Battleground Texas’ Goal of 2020 May Be Too Late


Why, you ask?

Because the governor who can sign or veto any state or congressional redistricting plan for the next decade will have been elected in 2018. The cycle also will elect every member of the Legislative Redistricting Board, or LRB. The board is tasked with drawing the state’s legislative districts if the Legislature fails to do so in 2021 after the next Census. All redistricting plans ultimately are decided in the federal courts, but whichever side can go into court with a legally adopted plan has the advantage.

The Legislature’s current party alignment is in no small part due to Democratic losses in the statewide races of 1998. The LRB consists of the attorney general, the House speaker, the lieutenant governor, the comptroller and the land commissioner. Democratic candidates came close in the elections to two of those offices, but didn’t win. Because of that, House Speaker Pete Laney was the only Democrat on the panel in 2001 when it created what essentially became the map of legislative districts for the remainder of the decade. The maps, especially for the state House, were drawn to minimize how many districts minorities and urban legislators could win, while marginalizing rural white Democrats. In a single election under the new map, control of the House flipped from Democrat to Republican. The Republican advantage was so great that elected members from those districts are the ones who drew the redistricting maps in 2011, retaining a Republican majority for this decade.

Battleground’s task of winning the LRB is even more difficult than just getting into a position to win statewide, because this time it will require knocking off incumbents who were elected last year. Even if the Democrats elect a governor who vetoes a Republican legislative redistricting plan, the map would then go to the LRB to be re-drawn. So for the Democrats, regaining control of Texas can’t be a one trick pony.

Partisan control of the Legislature has a ripple effect. Sheriffs, county commissioners and even supposedly non-partisan mayors find they are more effective if they are dealing with legislators of their own party when seeking laws and state spending benefitting their communities.

The crucial election may be coming far faster than the leaders of Battleground Texas think. Republican victories in 2018 likely will seal another decade of their control of state government. For a Democratic Party that already has been out of power for 20 years, that fate reminds me of an tombstone epitaph I once read: “But forever is such a damn long time.”  


    Battleground Texas’s fatal flaw is that it thinks political tactics alone will turn Texas blue, rather than promoting issues that a sustainable majority of Texans agree with.

    • R.G. Ratcliffe

      Any suggestions on what those would be?

      • Indiana Pearl

        White Texans don’t give a rat’s ass about “the little brown ones” whose labor supports their state.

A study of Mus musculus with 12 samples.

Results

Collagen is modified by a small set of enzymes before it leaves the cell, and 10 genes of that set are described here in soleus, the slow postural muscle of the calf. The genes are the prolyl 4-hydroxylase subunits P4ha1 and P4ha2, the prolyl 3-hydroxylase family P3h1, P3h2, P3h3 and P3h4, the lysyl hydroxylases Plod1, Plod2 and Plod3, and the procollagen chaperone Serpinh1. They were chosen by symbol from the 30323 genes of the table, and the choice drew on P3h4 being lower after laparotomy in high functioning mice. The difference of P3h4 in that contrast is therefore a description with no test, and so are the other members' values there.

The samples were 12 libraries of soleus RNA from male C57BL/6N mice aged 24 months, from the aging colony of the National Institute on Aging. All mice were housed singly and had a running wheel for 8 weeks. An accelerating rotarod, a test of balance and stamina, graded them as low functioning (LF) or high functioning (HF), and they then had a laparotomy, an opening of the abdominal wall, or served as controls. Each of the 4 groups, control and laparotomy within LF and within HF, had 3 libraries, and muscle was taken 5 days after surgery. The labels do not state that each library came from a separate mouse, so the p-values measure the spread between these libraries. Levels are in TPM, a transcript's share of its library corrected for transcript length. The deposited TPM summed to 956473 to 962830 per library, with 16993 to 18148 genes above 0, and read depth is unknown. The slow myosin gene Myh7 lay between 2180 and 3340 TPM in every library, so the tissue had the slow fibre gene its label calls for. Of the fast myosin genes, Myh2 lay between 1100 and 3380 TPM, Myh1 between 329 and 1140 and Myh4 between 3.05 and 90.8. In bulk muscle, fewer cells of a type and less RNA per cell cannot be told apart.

• José

      “promoting issues that a sustainable majority of Texans agree with” strikes me as leading from behind, sort of one step removed from government by referendum. I would prefer a political party that succeeds by convincing the electorate to support their polices. It’s nutty how many people vote against the interests of themselves as individuals and for society as a whole. Look at how the changes to tax policy over the past few decades has done little more than make the rich richer while stagnating the middle class and accumulating a huge debt for their children.

      The republican ideal is to elect smart, hardworking folks who can identify problems, propose solutions, and manage the public affairs competently. We should demand representatives who are better informed than us on important matters of government. It’s not easy for any party to make that model work. Unfortunately the winning strategy has been to preach fear, hate, and suspicion. Witness the current Republican delegations in Congress, who are good at finding blame and obstructing others when they should be accomplishing something worthwhile.

  • John Bernard Books

    No one ever said democrats were the smartest kids in the room, well yeah they did but I was speaking about the grownups.

  • Max Powers

    Texas is conservative. No changing that. How conservative? A fertilizer factory blew up and killed 13, injured hundreds, and nothing has happened to prevent something like that from happening again.

    • John Bernard Books

      No true you could move to Kalifornia, see you can do something about it.

  • prsteve11

    Battleground Texas has thus far been a breathtaking failure with Wendy Davis failing even to secure a full 39% of the vote statewide, the worst showing any Democratic gubernatorial nominee in a 2-way race since the George W. Bush landslide of 1998. If the Dems were truly making inroads with demographic changes, Davis should have at least gotten 45% of the vote, let alone 40%. The problem with Battleground Texas is the fundamental misunderstanding of Latino voters, particularly in Texas. Latinos are not a monolithic voting force like blacks are. Latinos are a wildcard, not just due to their voting turnout unpredictability but also that they are influenced by white voting trends, particularly in Texas. Like their white counterparts, many Texas Latinos vote Republican and I believe will continue to do so because they have more in common with white Texans than some would have you to believe. That is why a state like Georgia appears to be headed for more competition than Texas is. I don’t think Texas will be voting Democratic by 2020. Old habits die hard.